The Proper Trade-Wind Rig
There’s more to quick and safe downwind passages than simply easing the sheets.
Everyone dreams of the perfect trade-wind passage in 15 to 18 knots of wind with long swells rolling up from astern and little necessity to do anything more than tweak the sheets and halyards to minimize chafe. But some years the trades blow 25 to 30 knots and churn up massive waves, while at other times, they die out for weeks at a time. For running before the trades, therefore, you must be rigged for all eventualities, and to do that, you’ll need a strong, easily rigged boom preventer, a reaching sheet that allows for a headsail to be sheeted through a fitting on the end of the boom, a dual-headsail rig, and spinnaker gear.
Boom Preventer, Reaching Sheet
To set up the preventer, attach a becket block to a bail on or near the end of the main boom. Then attach a wire or modern high-strength line to the becket’s eye. This wire/line preventer should be about 1 inch shorter than the distance from the becket block to the gooseneck. Splice an eye around a thimble into the forward end of the preventer line and attach a light lashing line to the thimble so it can be secured under the main boom when not in use.
Then rig both spinnaker-pole guys through blocks at the stem head or end of the bowsprit. The ends with snap shackles run back from the block on the bow to the lifeline stanchions on both sides of the mast. The other ends run back aft from the blocks on the bow to winches in the cockpit and get secured to a lifeline stanchion or cleat abreast of the cockpit when not in use.
When the time comes to set the preventer, disconnect the line on the boom and attach it to the lee spinnaker guy that’s stowed alongside the mast, then winch the tail of the spinnaker guy up tight as the main is eased.
The best downwind rig for trade-wind sailing is dual headsails. The windward headsail should be sheeted through the spinnaker or whisker pole. The leeward headsail should be sheeted using a line that’s led through the shiv in the becket block at the end of the boom. From the becket block, the sheet runs through a snatchblock amidships, then back to a cockpit winch. Sheeting the leeward headsail through the end of the boom minimizes backwinding of the mainsail by opening the slot between the main and the leech of the headsail.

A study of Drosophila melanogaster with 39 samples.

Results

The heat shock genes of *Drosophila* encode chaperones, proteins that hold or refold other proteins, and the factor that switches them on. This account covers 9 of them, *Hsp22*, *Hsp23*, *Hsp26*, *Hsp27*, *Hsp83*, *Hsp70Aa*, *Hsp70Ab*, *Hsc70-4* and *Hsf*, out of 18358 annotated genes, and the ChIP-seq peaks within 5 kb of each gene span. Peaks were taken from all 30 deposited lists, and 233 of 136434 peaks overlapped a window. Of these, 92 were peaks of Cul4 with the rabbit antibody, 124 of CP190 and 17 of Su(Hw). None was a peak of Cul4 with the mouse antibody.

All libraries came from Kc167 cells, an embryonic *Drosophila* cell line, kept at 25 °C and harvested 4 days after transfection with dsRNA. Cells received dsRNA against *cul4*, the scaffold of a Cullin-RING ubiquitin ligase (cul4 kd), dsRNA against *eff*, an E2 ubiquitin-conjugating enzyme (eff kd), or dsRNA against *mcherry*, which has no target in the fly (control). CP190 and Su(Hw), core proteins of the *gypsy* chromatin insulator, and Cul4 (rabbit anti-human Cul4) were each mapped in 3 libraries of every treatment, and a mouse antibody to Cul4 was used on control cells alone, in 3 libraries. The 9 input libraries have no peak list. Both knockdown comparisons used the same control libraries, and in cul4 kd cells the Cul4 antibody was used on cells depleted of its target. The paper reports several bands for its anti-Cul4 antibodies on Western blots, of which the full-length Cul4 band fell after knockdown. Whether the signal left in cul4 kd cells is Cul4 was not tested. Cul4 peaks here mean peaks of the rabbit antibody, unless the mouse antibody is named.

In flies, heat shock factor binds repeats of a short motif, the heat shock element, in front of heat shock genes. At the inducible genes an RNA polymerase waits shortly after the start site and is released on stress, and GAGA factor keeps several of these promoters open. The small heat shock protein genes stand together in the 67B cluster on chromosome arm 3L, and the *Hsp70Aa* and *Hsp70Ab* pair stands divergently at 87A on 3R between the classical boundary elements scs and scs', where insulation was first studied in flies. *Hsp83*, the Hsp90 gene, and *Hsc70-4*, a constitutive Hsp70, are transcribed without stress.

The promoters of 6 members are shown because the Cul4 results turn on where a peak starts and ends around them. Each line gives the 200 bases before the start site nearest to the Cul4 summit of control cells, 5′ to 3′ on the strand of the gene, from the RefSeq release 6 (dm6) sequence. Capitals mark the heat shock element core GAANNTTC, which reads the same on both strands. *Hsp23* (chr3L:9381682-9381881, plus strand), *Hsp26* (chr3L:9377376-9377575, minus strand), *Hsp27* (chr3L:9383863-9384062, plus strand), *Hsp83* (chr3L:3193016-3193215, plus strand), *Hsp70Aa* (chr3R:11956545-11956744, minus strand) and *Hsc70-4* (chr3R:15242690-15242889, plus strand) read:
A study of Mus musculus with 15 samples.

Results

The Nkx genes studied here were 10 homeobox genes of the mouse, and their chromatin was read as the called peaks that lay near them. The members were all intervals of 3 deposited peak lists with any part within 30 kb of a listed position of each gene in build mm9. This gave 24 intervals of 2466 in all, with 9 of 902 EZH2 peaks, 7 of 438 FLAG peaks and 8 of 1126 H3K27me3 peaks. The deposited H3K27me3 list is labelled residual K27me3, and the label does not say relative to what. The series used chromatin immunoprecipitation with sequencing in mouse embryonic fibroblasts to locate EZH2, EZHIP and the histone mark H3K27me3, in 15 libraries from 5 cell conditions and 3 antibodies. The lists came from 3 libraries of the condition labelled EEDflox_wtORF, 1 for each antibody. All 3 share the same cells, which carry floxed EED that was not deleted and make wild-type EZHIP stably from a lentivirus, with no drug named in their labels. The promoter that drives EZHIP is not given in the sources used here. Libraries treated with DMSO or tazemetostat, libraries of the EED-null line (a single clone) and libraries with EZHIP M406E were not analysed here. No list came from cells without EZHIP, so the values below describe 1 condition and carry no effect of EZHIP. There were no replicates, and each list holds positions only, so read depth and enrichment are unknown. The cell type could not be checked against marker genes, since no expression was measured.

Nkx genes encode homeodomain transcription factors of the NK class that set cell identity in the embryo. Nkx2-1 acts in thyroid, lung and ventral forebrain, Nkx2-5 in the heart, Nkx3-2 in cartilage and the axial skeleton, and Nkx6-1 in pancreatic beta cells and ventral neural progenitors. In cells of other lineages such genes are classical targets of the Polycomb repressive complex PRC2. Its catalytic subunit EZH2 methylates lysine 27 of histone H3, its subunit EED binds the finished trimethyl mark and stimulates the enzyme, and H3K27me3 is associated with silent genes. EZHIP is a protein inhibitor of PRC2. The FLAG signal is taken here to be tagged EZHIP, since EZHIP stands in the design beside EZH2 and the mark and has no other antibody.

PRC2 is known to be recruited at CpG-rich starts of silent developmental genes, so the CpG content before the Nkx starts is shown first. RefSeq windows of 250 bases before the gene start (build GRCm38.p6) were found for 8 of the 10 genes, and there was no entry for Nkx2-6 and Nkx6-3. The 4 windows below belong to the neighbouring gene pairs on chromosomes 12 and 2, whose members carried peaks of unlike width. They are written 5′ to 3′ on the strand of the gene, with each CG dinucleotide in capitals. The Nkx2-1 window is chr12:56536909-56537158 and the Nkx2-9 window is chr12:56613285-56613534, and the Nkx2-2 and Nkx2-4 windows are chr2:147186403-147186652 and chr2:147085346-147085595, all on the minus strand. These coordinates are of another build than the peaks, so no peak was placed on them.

To minimize rolling, the center of effort of both headsails should be low. I suggest flying two low-cut genoas rather than high-cut jibs. The flatter the headsails are sheeted, the less the boat will roll. Thus, the windward sail should be the No. 2 genoa; the leeward sail should be the No. 1 genoa. Both sails can be hoisted on a roller-furling headsail foil. If the two headsails are of different luff lengths, add a pennant to the shorter headsail to make the luff lengths the same.
If it blows up in squalls, or if the trades are really honking and the two full genoas are too much, just slowly ease sheets and furl the sails until the desired amount is still showing.
If the wind comes far enough aft so that the lee headsail is blanketed by the main, drop the main and sail under the two headsails alone. If the wind goes so far forward that the windward headsail won’t draw, just drop it out of the pole—the pole can stay there, as it has its own foreguy and afterguy plus the topping lift—and trim it in on the other side on top of the leeward headsail.
One headsail on top of another works fine, as Ted Turner established in the early days of the International Offshore Rule when he used two headsails set one on top of the other to maximize sail area in light airs. It was effective enough that the I.O.R. outlawed the practice.
For boats that have only one headsail, a second headsail will have to be bought. Remember: You’re cruising, not racing. Go to a company that specializes in second-hand sails and buy one of the approximate size that you want. Then take it to a sailmaker and have it restitched at the leech, the foot, and 3 inches in from the leech on all seams. This makes the sail strong enough for most conditions.
When it comes to spinnaker poles, a pole that’s 20 percent longer than the base of the foretriangle will allow a 135-percent headsail to set really flat, which minimizes rolling. Here is where a telescoping whisker pole earns its keep. Whatever diameter of pole the manufacturer recommends for your size of foretriangle, go one size larger. It’s worth the expense: An oversized pole minimizes the worry of it bending or jamming.